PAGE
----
There are various theories as to why Margaret Atwood was crowned as a co-winner of the most prestigious prize in English-language literature, the Booker, this week, and scrupulously snubbed by all the major Canadian awards. Her new book, The Testaments, made the Giller Prize long list and not the shortlist, and was ignored by the Governor General’s Award and the Rogers Writers’ Trust Fiction Prize.

The most popular of these theories is the simple, old-fashioned tall poppy syndrome – the Canadian literary establishment is a bit sick of her pre-eminence and wants to move on to other heroes.

There are also those who would say that her involvement in an academic controversy a couple of years ago – her stand, on principle, for due process for dismissed University of British Columbia creative writing professor Steven Galloway – made her too politically risky. She is quite simply out of fashion in academic circles here.

It is true that the outpouring of hatred for Margaret Atwood that I have seen on CanLit Twitter in the past week is head-spinning. The feminist icon was denounced as a traitor to women and the #Metoo movement. Since then she has been showered with insults of every sort, most of them personal, but some of them seeking to show misogyny and even racism in her work, even in her most famously feminist work.

This week I have read on social media, from writers and academics, derision toward Ms. Atwood so juvenile and so crass, provoked by her international success, that one might indeed think there was some bitterness involved that isn’t exactly rational. She has been called a bootlicker of the patriarchy. There are people demanding that Canadian media not report on her win at all. New evaluations of her past work have started to surface – including the accusation that The Handmaid’s Tale “appropriates Black pain and slave narratives” (presumably because there is an underground railway for escaped handmaids in the imagined future). Was it perhaps deference toward – or fear of – this vocal group that scared the prize juries off?

It is also possible that the juries of all our major prizes have very highbrow tastes and found this fast-paced adventure novel – a book that incorporates elements of the spy novel and the thriller and includes some action escape scenes that are a little Hollywood – struck them as too commercial.

That would also, I think, be a backward attitude to take, as it would be discounting the role as popular entertainment that the novel has had since its invention, and dismissing the widespread yearnings for a return to popularity that novelists all share. And furthermore, it was just last year that a Giller jury crowned the fanciful adventure story Washington Black, by Esi Edugyan, also a novel with some action sequences that stretched the limits of plausibility. The Giller is not, in principle, opposed to the commercial.

Look, I have no idea what blend of politics and aesthetics and personal allegiances caused our various juries to interact in the way they did. The variables are too many. I have been on prize juries and I have always been surprised by what compromises are made and for what reasons.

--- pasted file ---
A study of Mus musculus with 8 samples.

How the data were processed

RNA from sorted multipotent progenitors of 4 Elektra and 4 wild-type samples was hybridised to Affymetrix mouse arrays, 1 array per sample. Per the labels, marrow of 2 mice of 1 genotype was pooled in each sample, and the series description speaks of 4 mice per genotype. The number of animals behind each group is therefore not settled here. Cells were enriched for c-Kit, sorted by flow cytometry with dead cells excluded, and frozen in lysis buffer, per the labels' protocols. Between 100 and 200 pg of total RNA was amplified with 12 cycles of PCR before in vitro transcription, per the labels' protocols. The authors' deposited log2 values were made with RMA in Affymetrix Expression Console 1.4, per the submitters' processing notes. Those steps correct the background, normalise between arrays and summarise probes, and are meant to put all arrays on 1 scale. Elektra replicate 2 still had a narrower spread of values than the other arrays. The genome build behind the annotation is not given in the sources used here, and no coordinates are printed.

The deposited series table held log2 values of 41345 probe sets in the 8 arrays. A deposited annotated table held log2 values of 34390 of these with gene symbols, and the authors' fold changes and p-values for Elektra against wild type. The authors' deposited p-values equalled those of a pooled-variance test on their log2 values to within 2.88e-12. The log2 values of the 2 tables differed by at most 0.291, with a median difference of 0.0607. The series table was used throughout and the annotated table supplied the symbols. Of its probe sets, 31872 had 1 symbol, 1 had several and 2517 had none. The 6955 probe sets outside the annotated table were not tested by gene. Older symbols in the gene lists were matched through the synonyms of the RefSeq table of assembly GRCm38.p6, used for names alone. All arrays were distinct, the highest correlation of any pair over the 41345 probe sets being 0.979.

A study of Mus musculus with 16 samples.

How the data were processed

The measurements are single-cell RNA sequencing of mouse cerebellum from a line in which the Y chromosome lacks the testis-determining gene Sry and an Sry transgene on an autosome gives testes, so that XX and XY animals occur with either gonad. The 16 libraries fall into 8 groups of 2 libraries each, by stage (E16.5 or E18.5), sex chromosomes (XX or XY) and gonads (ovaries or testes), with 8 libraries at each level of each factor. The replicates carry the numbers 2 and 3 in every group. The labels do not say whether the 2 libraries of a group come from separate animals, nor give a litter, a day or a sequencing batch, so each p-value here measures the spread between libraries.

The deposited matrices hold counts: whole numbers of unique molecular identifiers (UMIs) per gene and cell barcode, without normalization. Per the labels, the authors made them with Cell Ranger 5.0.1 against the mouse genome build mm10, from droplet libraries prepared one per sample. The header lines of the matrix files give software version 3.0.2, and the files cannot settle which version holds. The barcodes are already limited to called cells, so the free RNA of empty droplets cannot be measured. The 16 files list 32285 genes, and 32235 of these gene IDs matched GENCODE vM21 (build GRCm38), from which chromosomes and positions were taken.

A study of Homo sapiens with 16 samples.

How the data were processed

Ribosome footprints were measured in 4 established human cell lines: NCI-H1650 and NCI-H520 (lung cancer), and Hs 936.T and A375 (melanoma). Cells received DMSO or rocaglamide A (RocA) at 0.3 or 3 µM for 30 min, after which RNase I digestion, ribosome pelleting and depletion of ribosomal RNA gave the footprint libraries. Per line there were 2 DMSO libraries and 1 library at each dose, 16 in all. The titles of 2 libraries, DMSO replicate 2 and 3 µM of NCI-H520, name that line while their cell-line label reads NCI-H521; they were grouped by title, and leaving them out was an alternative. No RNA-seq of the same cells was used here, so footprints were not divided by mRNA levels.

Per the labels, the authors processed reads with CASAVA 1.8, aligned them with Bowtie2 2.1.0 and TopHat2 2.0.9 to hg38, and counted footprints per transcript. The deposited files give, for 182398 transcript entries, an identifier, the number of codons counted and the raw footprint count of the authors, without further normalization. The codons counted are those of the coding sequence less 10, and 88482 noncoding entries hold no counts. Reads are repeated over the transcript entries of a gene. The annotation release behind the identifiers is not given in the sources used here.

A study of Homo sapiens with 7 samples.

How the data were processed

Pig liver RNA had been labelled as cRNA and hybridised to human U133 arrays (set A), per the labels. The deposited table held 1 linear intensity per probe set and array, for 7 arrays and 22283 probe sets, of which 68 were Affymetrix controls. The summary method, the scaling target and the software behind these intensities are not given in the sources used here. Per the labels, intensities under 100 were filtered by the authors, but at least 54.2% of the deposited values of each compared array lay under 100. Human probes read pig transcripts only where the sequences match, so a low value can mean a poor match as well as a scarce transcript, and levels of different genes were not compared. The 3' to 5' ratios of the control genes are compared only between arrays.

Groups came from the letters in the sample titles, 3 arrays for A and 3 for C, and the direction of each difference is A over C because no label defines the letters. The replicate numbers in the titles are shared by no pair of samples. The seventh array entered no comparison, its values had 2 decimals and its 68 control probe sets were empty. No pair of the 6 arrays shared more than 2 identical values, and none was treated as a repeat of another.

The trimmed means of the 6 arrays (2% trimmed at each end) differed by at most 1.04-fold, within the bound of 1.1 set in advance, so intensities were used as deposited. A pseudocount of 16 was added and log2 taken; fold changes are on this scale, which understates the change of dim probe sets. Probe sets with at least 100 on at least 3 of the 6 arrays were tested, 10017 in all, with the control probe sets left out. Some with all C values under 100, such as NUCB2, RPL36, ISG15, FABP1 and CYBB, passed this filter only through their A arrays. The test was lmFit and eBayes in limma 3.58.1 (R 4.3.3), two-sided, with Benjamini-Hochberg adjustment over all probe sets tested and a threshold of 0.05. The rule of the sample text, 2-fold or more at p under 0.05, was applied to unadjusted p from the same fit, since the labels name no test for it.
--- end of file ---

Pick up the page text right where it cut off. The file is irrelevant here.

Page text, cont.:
Frequently novels that are passionately supported by just one juror – and harshly disparaged by others – make the shortlist; frequently it is everybody’s second choice that ends up the winner, as the first choices are too disparate. If one is determined to get one’s favourite horse into the race, one can easily sacrifice an extremely worthy opponent just to make room. Since the deliberations are always secret, no one will ever know the reasons.

I do not want to think that it was the Galloway controversy alone that made The Testaments too hot to handle for Canadian juries. I don’t want to believe that these things are as simply tribal as that. And after all, there were two foreign jurors on the Giller panel (Aminatta Forna and Aleksandar Hemon) who probably didn’t care about Canadian university HR regulations quite as much as our literary insiders do.

It seems likely that the Booker decision was political though: In Europe, Atwood’s Republic of Gilead setting is seen as pointed commentary on Trumpian conservatism, and so rewarding this critique is anti-American defiance. (The choice of Ms. Atwood’s co-winner, Bernardine Evaristo, the first woman of colour to win the award, is also proudly progressive.) But then again who knows – juries are volatile compounds and their reactions are fundamentally chemical.

It is just worth noticing, though, that once again we have a Canadian who is more successful outside the country than in it. That outside the country, her astounding imagination, political relevance and capacity for suspense and entertainment are seen as masterly – and the opposite of the status quo.

Here they are seen, increasingly, merely as representing a generational, ideological or social camp. From the outside, that probably looks a little odd. Maybe a little provincial.